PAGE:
ANKARA, Turkey — Turkish procurement and military officials as well as teams from a private manufacturer have been negotiating with a South Korean company to recover a program riddled with delays for the production of the country’s first indigenous new-generation main battle tank.
“This program has faced major delays due to failed access to significant components like the engine, transmission and armor,” a procurement official told Defense News. “I am not in a position to give a date for the start of serial production. All I know is we are trying hard to get it moved ahead.”
In 2019, Turkish President Recep Tayyip Erdogan’s office included the Altay tank as part of the military’s 2020 inventory in a government document. In an October 2019 speech, Ethem Sancak — a senior shareholder in BMC, which makes the Altay — said the tank would be fielded within 24 months.
It now appears that prediction was too optimistic. The presidential office’s 2021 investment program, released earlier this month, does not even mention the Altay, let alone the tank entering service.
According to a source with knowledge of the Altay program, BMC has been in talks with Hyundai Rotem to solve problems surrounding missing foreign technology for the Altay, which Turkish officials often portray as a fully national, indigenous Turkish tank. The South Korean company previously built public transportation and Bosporus crossing systems in Istanbul, Ankara and Adana as well as light rail systems in Istanbul and Izmir.
“We are hoping our talks will eventually sort out the problems regarding the power pack — [the engine and transmission — that] we will use in the serial production cycle,” the source told Defense News. “We are probably talking about another couple of months of talks before we know which way we are headed.”
He added that BMC is in indirect talks, through Hyundai Rotem, with two South Korean defense technology concerns: engine-maker Doosan and S&T Dynamics, which produces automatic transmissions.
“Ideally a Doosan-S&T power pack will power the Altay if we can iron out differences and licensing issues,” he said.
South Korea has experienced similar problems with its program for the mass production of the K2 Black Panther tank. Its deployment by the Army faced delays due to problems concerning the engine and transmission.
The first 100 units were built with a Doosan 1,500-horsepower engine and an S&T Dynamics automatic transmission. Under a second contract, tanks began to be delivered in late 2016. But after S&T Dynamics' transmission failed durability tests, South Korea’s Defense Acquisition Program Administration announced the second batch would have a “hybrid” power pack consisting of the locally developed engine and the German RENK transmission system.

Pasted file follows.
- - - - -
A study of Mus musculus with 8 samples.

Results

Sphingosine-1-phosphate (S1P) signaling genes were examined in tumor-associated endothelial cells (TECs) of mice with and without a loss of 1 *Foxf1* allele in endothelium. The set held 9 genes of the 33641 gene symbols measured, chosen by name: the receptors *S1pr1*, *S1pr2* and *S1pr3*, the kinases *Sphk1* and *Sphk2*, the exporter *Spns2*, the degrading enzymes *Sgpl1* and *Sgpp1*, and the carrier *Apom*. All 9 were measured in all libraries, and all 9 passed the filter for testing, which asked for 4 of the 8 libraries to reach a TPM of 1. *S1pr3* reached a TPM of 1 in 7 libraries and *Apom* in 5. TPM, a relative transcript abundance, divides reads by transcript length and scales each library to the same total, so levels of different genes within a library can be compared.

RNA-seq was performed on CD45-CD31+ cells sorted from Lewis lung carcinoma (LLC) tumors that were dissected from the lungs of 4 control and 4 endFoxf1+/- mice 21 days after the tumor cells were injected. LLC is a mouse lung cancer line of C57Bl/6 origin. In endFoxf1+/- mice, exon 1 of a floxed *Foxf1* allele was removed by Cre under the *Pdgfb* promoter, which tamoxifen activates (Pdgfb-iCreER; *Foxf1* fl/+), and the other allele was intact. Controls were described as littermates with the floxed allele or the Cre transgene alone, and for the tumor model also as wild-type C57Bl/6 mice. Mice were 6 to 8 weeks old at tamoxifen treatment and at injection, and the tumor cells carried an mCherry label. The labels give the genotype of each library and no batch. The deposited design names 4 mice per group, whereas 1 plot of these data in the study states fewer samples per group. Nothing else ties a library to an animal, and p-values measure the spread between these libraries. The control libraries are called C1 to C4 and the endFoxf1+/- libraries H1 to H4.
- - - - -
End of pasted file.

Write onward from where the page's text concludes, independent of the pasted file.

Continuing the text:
“How the Turks can make use of a proven engine and a failed transmission remains to be seen,” said a London-based Turkey expert, who spoke on condition of anonymity.
Turkey had hoped to power the Altay with the German MTU engine and RENK transmission, but talks with German manufacturers over the past couple of years failed due to a federal arms embargo on Turkey. Germany is one of a number of European governments that have limited exports to Turkey over its involvement in the Syrian civil war.
A similar problem concerns the Altay’s planned armor. Turkey was hoping a French armor solution would be continue to be available following an initial batch of 40 units. But recent political tension between the two countries over hydrocarbon explorations off Cyprus has put this in jeopardy.
The source with knowledge of the Altay program said the armor will now be locally produced under a public-private partnership.
The Altay program dates back to the mid-1990s, but it wasn’t until November 2018 that the Turkish government awarded the tank’s multibillion-dollar contract to BMC. In a competition, the firm defeated Otokar, which had already produced four Altay prototypes under a government contract.
The contract involves the production of an initial batch of 250 units, life-cycle logistical support, and the establishment by the contractor of a tank systems technology center and its operation. As part of the contract, BMC will design, develop and produce a tank with an unmanned fire control unit.
The contract said the first Altay tank is to roll off the assembly line within 18 months. Opposition parties in parliament have slammed the government over delays, but procurement officials claim the 18-month clause will apply after the first unit’s production begins.
The Altay program is broken into two phases: T1 and T2. T1 covers the first 250 units, and T2 involves the advanced version of the tank. Turkey also plans to eventually produce 1,000 Altays, to be followed by an unmanned version.
The deal has proved politically controversy, particularly after the Erdogan administration leased for free a military-owned tank and turret factory by the Marmara Sea to BMC for a period of 25 years.
The move prompted cries of nepotism, as BMC shareholder Sancak was a senior member of Erdogan’s Justice and Development Party at the time.
Ozgur Eksi, an independent defense analyst, questioned the choice of assigning a factory by the sea for tank production. “In the event of war, the Altay factory could be an easy target for the enemy fire,” he said. “This program could have been much better planned from a strategic point of view.”
Nevertheless, Eksi added, “there is a political determination to get the Altays into the Army’s inventory. Sooner or later, production will start.”
Burak Ege Bekdil is a Turkey correspondent for Defense News. He has written for Hurriyet Daily News, and worked as Ankara bureau chief for Dow Jones Newswires and CNBC-e television. He is also a fellow at the Middle East Forum and regularly writes for the Middle East Quarterly and Gatestone Institute.